Reform plan aims for 60 more universities in a decade
The strategy, announced by Minister of Higher Education Mustafa Musaad, was outlined in a 13 February report published by Ahram newspaper.
Egypt’s rapid population growth has proved an enormous challenge for its higher education system. The country has one of the lowest number of universities per capita in the Middle East and North Africa, according to a report, Science and Innovation in Egypt, launched at the 12th Islamic Summit of the Organisation of the Islamic Conference, held in Cairo from 6-7 February.
Overturning three decades of neglect will take time and commitment, and will require substantial change at many levels including in universities and research centres, the report indicated.
Under the higher education reform plan, 60 new universities will be established in the coming decade: 20 state and 40 private institutions. In line with international standards, the total number of students attending any one university will not exceed 40,000.
Currently, Egypt has 18 public universities and 17 private universities that enrol only about 76,000 students – of whom nearly 50% are foreign and Arab students.
The higher education budget should be increased from the current LE17 billion (US$2.5 billion) to LE70 billion (US$10.3 billion)
A national council for education and research will be set up, tasked with improving the performance of universities and drafting educational strategies and reform plans. The council will be headed by either the country's president or the prime minister, and will include representatives of ministries concerned and university presidents.
Magdi Tawfik Abdelhamid, a researcher at Cairo's National Research Centre, cautiously welcomed the new higher education plan, as outlined by the newspaper.
“Building new universities and increasing financial support are the easy steps on the rocky road to reforming the higher education system,” Abdelhamid told University World News.
As the establishment of new universities will lead to a shortage of lecturers to staff them, Abdelhamid called for programmes to prepare future faculty and to provide professional development guidance to graduate students who wish to pursue an academic career.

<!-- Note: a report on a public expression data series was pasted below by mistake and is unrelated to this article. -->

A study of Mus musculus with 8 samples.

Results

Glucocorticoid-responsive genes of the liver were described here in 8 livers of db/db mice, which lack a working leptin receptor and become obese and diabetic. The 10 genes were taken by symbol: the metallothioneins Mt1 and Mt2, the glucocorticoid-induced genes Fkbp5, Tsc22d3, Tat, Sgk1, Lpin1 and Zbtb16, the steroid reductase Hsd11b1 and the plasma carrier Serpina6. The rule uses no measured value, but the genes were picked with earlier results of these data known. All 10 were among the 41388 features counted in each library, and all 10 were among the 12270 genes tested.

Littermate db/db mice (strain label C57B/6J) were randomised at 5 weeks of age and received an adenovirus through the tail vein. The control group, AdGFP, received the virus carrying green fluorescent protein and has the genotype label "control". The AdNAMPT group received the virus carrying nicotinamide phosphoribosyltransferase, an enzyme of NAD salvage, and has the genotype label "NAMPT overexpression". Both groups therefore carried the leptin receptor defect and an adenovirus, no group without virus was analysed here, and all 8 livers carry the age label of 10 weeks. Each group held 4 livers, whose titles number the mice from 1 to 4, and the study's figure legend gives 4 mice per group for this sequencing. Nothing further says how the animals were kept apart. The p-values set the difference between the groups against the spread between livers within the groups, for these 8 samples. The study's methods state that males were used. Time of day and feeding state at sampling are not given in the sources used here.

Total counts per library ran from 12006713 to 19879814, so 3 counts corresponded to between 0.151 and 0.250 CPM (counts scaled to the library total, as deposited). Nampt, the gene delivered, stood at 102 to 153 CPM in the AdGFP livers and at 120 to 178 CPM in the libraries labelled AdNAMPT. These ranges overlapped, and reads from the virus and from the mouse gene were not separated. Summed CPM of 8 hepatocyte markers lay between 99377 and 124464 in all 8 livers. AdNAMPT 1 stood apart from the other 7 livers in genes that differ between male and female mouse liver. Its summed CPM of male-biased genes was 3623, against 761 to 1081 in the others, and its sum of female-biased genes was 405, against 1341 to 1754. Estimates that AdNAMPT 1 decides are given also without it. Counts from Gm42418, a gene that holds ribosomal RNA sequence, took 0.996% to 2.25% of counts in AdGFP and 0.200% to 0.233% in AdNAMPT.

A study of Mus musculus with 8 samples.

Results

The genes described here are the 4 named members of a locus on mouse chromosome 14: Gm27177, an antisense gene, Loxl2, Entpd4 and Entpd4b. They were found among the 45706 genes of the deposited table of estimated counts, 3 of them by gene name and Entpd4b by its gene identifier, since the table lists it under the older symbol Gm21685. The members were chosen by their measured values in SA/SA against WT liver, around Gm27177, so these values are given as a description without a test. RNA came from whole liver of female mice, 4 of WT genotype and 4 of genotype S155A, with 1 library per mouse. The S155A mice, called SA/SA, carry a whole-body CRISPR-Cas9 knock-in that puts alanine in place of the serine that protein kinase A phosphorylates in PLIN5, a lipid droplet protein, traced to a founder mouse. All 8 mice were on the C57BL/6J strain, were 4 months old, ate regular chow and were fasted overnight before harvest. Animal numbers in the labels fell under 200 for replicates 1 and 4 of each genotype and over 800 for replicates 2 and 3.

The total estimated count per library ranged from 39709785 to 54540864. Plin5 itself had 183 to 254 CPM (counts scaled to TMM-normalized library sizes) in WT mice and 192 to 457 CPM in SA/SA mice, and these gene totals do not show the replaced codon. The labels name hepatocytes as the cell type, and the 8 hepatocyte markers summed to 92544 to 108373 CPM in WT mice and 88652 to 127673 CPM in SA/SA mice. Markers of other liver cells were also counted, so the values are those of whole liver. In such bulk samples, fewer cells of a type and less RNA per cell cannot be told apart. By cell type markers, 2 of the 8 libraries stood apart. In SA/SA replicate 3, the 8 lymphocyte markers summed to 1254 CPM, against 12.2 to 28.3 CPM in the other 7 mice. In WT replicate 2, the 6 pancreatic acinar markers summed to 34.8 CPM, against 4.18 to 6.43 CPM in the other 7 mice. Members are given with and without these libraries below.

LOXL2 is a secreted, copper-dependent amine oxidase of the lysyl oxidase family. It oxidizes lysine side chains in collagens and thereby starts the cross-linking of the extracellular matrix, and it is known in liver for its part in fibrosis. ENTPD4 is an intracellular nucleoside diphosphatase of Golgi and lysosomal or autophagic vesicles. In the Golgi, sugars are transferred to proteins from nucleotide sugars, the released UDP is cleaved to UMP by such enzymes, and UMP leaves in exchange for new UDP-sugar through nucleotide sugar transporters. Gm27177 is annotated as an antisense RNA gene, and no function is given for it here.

Teaching should also be modified to boost the employability of graduates through more programmes that include teaching problem-solving, critical thinking and communication skills, Abdelhamid added.
According a to Q4 2012 labour force survey published by the country's Central Agency for Public Mobilisation and Statistics, the majority of unemployed people fall into the youth demographic segment, with nearly 73.9% of them aged from 15-29 years. Also, 87.8% of the total unemployed received secondary or higher education, which paintsa picture of most jobless individuals as being young and educated.
Abdelhamid pointed out that research performance in universities and research centres must also be improved, as Egypt published just 102 papers per million people in 2010, lagging behind regional competitors such as Turkey (409), Iran (377) and Saudi Arabia (226).
In another development aimed at joining the open access virtual learning community, Egypt's Ministry of Higher Education on 17 February launched a project to draw on the OpenCourseWare initiative.
Managed by programmes of continuous professional improvement and qualifications accreditation in higher education institutions, OpenCourseWare (OCW) will cover both the undergraduate and graduate levels and includes access to syllabi, lecture notes, slide presentations, assignments and interactive lectures using multimedia kits.
Hassan Moawad Abdel Al, former president of the City for Scientific Research and Technology Applications in Alexandria, welcomed the new initiative as an ideal educational tool for Egypt as well as Africa.
“The OCW initiative, along with the US-Arab States Open Book Project, will provide an efficient and cost-effective way for universities to enhance access to high quality educational materials as well as sharing knowledge and best practices,” Abdel Al concluded.
A recent report, Open Courseware as a Tool for Teaching and Learning in Africa, highlighted its “great promise for future technological innovation and application” in teaching and learning on the continent.